The Travel Cycle
World Heritage sites in the European Union are major drawcards for visitors, attracting millions of visitors from around the world every year. World Heritage properties are also integral to national and European identities, and are cherished and frequented by local and domestic visitors.
With new technology, ease and affordability of international travel, visitors to World Heritage sites directly compare the standard of visitor services and amenities on offer to that of other global private and public sector attractions and destinations. Smart phones have become the essential trip companion with 'connected travellers' are the norm rather than the exception.
Visitors use their mobile phones to connect to the internet and social media. Through this connection visitors can engage with friends and relatives and be presented with information in a timely and convenient manner.
Visitors use smart phones at every stage of the travel cycle including navigating around the site and region, booking tours, accommodation and restaurants on site and nearby, locating events, reading reviews and conducting financial transactions and purchases.
A TripAdvisor study in 2015 based on 44,000 global responses found that 42% of travellers use smart phone to research, plan and book a trip. Travellers combine using their smart phone with social media to send photos, share reviews and comment, take and upload video content and update friends about their favourite sites as they travel. According to the 2017 World Economic Forum, predictions were made that by 2020 six billion smart phones will be in global use. That is a growth rate of over 50% in four years.
Managers of World Heritage sites will need to be aware of this reality when considering management and marketing programmes. Mobile phones also provide a significant opportunity to map visitor movement and capture visitation patterns as part of a Destination Monitoring Framework.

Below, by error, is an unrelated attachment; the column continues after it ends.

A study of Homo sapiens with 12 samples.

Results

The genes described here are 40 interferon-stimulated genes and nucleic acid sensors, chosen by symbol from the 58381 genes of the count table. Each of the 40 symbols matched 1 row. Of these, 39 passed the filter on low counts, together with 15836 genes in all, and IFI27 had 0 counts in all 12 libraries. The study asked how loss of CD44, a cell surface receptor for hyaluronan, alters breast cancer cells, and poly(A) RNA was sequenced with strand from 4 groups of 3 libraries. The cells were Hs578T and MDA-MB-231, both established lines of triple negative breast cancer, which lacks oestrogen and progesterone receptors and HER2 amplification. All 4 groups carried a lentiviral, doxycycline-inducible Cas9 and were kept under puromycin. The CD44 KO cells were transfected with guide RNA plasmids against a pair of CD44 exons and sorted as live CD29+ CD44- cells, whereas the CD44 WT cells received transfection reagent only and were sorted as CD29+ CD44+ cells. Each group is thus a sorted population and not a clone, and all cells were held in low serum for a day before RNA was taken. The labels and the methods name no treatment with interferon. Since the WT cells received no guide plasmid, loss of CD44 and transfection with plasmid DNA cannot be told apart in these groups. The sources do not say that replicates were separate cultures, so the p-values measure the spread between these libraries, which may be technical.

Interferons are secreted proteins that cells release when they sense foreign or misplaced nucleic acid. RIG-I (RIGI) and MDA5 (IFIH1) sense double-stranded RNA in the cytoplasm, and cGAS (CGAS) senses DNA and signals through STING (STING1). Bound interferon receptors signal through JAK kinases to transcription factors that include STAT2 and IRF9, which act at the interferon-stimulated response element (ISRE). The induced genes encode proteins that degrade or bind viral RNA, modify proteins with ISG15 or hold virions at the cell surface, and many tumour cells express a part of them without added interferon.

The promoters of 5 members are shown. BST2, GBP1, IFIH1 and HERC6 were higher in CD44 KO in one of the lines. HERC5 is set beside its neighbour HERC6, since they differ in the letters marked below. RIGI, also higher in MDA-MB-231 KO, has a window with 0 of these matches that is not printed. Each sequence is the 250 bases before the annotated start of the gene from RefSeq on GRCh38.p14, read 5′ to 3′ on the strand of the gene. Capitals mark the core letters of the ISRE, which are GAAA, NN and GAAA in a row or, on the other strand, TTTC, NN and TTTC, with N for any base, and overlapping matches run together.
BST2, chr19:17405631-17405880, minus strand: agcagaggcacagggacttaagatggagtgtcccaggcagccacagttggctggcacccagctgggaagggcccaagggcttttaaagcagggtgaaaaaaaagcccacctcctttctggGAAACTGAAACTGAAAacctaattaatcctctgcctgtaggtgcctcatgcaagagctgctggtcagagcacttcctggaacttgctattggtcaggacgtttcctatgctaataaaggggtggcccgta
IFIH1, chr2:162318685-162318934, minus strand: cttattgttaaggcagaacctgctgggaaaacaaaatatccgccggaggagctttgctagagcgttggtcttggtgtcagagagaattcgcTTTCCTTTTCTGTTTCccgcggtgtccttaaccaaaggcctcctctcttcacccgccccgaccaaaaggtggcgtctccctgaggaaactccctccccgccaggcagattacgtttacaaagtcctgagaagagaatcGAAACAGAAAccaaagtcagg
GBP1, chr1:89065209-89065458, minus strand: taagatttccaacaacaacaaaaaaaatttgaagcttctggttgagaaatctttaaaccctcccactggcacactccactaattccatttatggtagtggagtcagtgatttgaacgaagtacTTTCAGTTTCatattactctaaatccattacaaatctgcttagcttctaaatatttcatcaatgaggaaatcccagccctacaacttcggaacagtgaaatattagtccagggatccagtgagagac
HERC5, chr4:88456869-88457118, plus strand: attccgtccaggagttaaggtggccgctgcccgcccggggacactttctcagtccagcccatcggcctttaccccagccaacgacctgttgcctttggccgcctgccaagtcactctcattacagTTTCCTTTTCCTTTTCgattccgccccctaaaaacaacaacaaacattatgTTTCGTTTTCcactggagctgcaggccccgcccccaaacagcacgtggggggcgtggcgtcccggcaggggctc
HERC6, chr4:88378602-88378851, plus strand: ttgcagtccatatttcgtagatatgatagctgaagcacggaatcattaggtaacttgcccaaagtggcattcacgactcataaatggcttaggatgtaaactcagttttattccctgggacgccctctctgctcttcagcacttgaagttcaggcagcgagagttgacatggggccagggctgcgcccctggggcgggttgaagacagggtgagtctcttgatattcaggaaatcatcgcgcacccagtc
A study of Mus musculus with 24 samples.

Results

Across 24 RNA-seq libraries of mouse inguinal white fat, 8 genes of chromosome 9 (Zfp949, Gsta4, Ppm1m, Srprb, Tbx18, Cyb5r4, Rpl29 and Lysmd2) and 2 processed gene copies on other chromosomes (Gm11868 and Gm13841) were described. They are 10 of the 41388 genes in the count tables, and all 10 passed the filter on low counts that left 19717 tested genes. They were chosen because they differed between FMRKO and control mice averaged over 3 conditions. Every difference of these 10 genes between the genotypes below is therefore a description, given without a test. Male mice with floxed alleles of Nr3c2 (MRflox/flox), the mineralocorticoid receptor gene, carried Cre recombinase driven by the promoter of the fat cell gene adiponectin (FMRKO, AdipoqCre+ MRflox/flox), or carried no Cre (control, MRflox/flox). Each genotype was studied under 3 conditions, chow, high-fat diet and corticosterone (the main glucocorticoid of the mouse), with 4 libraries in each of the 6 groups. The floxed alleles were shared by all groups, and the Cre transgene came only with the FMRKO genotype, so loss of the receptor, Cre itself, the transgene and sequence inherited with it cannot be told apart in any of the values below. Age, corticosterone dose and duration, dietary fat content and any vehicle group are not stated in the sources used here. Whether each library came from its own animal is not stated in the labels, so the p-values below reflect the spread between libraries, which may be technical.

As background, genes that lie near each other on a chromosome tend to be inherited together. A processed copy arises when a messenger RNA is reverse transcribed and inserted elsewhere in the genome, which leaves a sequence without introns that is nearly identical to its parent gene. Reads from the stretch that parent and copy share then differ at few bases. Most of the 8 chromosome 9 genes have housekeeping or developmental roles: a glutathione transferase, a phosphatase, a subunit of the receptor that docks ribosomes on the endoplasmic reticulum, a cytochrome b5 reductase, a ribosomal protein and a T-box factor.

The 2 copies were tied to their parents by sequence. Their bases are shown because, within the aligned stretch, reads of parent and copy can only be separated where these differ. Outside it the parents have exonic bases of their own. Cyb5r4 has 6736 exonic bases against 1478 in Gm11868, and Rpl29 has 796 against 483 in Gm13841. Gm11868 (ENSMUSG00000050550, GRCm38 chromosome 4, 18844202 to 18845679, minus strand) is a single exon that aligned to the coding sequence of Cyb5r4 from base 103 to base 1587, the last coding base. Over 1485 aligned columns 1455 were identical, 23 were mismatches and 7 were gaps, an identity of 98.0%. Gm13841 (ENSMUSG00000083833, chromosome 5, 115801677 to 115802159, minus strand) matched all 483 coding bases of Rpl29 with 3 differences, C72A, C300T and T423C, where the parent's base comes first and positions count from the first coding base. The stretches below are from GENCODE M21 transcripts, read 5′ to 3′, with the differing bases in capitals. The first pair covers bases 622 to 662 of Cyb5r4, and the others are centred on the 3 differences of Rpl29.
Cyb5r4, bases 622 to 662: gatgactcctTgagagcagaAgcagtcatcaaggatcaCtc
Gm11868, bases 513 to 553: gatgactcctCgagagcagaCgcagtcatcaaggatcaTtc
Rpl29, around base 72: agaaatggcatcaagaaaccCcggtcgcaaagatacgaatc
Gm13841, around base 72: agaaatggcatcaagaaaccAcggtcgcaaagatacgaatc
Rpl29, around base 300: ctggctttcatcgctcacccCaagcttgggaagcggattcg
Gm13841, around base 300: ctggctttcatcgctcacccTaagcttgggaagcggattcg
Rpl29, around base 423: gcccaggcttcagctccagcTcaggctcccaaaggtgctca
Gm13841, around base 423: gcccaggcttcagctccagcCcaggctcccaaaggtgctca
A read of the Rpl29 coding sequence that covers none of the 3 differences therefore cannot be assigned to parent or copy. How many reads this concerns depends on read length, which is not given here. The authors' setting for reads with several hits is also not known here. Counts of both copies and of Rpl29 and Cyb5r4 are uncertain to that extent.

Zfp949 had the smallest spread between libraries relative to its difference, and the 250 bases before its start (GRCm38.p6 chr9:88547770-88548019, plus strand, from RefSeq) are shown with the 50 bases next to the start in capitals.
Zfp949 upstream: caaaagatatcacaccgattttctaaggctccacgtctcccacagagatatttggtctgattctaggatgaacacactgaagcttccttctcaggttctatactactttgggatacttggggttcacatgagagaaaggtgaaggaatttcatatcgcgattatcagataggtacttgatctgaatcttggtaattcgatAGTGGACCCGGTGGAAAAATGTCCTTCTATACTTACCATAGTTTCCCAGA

The 'World Heritage' brand is globally recognised and powerful, and with this recognition comes high visitor expectations of excellence throughout the travel cycle, matching the brand promise and befitting World Heritage designation.
The 'World Heritage Journeys of the European Union' initiative has objectives that transcend visitation, with a focus on enriching the visitor experience and 'digging deeper' into the World Heritage sites and themes featured in the programme.
Each stage of the travel cycle (Dreaming, Planning, Booking, Experiencing and Sharing) provides an opportunity to influence visitor expectations, aspirations, intentions and to better align with the objectives of the 'Journeys' initiative.
For this reason the case studies and best practice examples featured in this report are not restricted exclusively to World Heritage sites but also consider various global examples, to better reflect visitor expectations of the world traveller. Tourism is a global business and services and amenity should be measured in this context.
TripAdvisor (2015) TripAdvisor Study Reveals 42% of Travelers Worldwide Use Smartphones to Plan or Book their Trips, TripAdvisor, available here (01/12/2017).
Kharpal, A. (2017) Smartphone market is worth $355 billion, with 6 billion devices in circulation by 2020: Report, CNBC, available here (14.12.2017).